Anti-War Protestors Lose Appeal On March Past U.N.
FEBRUARY 12TH, 2003
In an emergency hearing Wednesday, a federal appeals court denied anti-war protestors’ bid to stage a march past United Nations headquarters this weekend.
Finding no fault with a judge’s decision earlier in the week, the Second U.S. Circuit Court of Appeals said the city, by denying a permit for a march by “United for Peace and Justice,” did not violate the group’s right to free speech. The lower court had said the NYPD’s decision was appropriate during “this heightened time of security.”
“This is a stunning blow to democracy, to the liberties we all thought we could rely on, even in times of hostility,” said Donna Lieberman, Executive Director of the New York Civil Liberties Union, which brought the issue to federal court last week.
When asked if organizers would appeal to the Supreme Court, Lieberman said they “are considering all options.”
Protestors are allowed to hold a contained rally at 49th Street and First Avenue. A spokesperson for the city’s Corporation Counsel said the alternative location will give protesters a chance to exercise their first amendment rights without jeopardizing public safety.
The NYPD says it can’t provide proper security for a march and instead issued a permit for a stationary rally outside the U.N. on Saturday. The NYPD said organizers did not give enough notice or good estimates of the crowd, but officials also admitted it is now policy to reject such requests for marches.
The appeals court noted that its decision applies only to the specific demonstration planned for Saturday and does not necessarily mean it would be constitutional for the city to ban protests on Midtown in all instances.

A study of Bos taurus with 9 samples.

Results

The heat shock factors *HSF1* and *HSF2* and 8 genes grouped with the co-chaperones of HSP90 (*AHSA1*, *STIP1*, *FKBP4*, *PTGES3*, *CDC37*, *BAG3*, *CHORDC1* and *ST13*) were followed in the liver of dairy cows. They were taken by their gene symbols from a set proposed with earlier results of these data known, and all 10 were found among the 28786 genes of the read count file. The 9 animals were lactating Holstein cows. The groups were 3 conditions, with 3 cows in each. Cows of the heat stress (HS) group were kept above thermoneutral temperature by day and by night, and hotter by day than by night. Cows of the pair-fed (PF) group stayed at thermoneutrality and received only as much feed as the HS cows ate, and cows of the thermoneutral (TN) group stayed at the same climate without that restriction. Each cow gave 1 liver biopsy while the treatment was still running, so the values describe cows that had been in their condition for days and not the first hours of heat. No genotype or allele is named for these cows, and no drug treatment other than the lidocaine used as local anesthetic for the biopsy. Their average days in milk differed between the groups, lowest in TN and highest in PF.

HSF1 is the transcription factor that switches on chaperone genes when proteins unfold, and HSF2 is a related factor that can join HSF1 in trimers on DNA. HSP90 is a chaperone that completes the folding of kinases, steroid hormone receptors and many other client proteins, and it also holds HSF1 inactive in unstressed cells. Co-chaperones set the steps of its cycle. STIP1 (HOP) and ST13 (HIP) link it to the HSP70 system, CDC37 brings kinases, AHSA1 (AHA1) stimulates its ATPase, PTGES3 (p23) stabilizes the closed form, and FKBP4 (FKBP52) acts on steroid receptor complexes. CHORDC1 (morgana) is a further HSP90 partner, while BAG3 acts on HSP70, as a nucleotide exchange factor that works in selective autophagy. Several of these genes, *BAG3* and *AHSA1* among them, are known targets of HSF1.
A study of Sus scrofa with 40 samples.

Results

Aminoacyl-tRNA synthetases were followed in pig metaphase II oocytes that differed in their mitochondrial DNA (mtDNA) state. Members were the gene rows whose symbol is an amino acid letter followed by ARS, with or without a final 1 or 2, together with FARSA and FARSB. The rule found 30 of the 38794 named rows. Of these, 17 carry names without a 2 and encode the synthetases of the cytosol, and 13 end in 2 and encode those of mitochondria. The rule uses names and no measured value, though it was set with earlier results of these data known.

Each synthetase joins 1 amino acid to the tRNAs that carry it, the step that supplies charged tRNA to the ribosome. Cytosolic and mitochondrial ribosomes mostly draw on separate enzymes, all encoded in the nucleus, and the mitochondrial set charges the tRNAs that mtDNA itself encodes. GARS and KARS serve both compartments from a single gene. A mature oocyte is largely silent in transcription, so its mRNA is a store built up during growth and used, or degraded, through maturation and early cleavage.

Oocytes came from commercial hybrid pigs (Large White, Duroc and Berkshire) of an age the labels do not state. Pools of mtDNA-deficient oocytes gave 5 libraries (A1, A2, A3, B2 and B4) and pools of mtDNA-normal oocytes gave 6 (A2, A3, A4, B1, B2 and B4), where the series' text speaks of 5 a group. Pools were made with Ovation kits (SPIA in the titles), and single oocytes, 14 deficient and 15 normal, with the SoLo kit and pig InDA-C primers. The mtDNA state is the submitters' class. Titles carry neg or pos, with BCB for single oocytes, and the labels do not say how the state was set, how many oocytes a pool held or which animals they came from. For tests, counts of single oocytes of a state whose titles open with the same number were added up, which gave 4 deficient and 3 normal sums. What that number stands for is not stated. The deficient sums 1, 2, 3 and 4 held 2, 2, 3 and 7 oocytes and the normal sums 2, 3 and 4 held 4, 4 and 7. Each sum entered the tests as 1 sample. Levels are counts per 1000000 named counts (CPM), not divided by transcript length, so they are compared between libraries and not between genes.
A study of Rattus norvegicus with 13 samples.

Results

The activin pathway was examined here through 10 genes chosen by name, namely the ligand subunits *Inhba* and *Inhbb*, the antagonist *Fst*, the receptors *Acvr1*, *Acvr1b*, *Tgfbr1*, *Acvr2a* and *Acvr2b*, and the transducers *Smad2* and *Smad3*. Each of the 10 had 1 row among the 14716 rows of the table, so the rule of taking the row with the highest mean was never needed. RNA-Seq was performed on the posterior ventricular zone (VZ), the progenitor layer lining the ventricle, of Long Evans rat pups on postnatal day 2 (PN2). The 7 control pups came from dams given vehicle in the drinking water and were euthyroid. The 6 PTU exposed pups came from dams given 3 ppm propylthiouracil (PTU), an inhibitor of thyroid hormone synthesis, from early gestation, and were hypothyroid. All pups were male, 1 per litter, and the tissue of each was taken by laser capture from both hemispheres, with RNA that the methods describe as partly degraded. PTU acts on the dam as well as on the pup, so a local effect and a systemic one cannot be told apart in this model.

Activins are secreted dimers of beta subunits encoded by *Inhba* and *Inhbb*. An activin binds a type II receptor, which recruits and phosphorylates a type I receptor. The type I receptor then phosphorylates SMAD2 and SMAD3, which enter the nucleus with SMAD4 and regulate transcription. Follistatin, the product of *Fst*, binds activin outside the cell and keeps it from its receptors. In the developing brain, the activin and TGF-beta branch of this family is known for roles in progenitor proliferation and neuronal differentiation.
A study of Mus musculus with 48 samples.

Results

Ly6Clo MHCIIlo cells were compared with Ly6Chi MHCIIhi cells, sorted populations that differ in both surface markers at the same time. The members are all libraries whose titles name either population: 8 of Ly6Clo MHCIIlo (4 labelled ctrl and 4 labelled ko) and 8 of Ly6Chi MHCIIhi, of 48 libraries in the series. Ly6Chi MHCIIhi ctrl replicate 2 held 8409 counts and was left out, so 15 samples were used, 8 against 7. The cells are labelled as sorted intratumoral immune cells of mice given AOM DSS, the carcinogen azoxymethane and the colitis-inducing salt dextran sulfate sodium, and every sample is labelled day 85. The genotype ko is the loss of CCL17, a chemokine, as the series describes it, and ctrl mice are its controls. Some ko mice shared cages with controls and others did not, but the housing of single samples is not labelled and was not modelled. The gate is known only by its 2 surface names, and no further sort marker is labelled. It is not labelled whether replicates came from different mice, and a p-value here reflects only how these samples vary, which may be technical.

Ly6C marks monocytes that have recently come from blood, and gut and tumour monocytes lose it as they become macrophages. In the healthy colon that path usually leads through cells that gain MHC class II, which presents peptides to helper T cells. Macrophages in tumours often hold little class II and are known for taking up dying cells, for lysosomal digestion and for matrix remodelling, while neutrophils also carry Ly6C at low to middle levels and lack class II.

Meanwhile, many of the city’s labor unions are calling the court decision a blow to democracy. A group of more than 25 unions protested the decision in Midtown.
“We stand here today and ask Mayor Bloomberg, ‘What is your notion of patriotism? Are you a patriot if you are trying to tae away the fundamental right to assembly and protest in this country?'” said Jonathan Tasini, President of the National Writers Union.
“The threat to working people in this country is not Iraq, but our own government that is perpetrating these policies,” said Michael Letwin of New York City Labor Against the War. “Nothing makes that clearer than recent events here in New York City. The Bush administration’s plan to spend hundreds of billion of dollars to control Iraqi oil, together with massive tax cuts to the rich, have nearly bankrupted our state and city.”
As many as 100,000 opponents of war in Iraq are expected to protest in New York Saturday, coinciding with nearly 300 planned demonstrations in Berlin, London and other cities.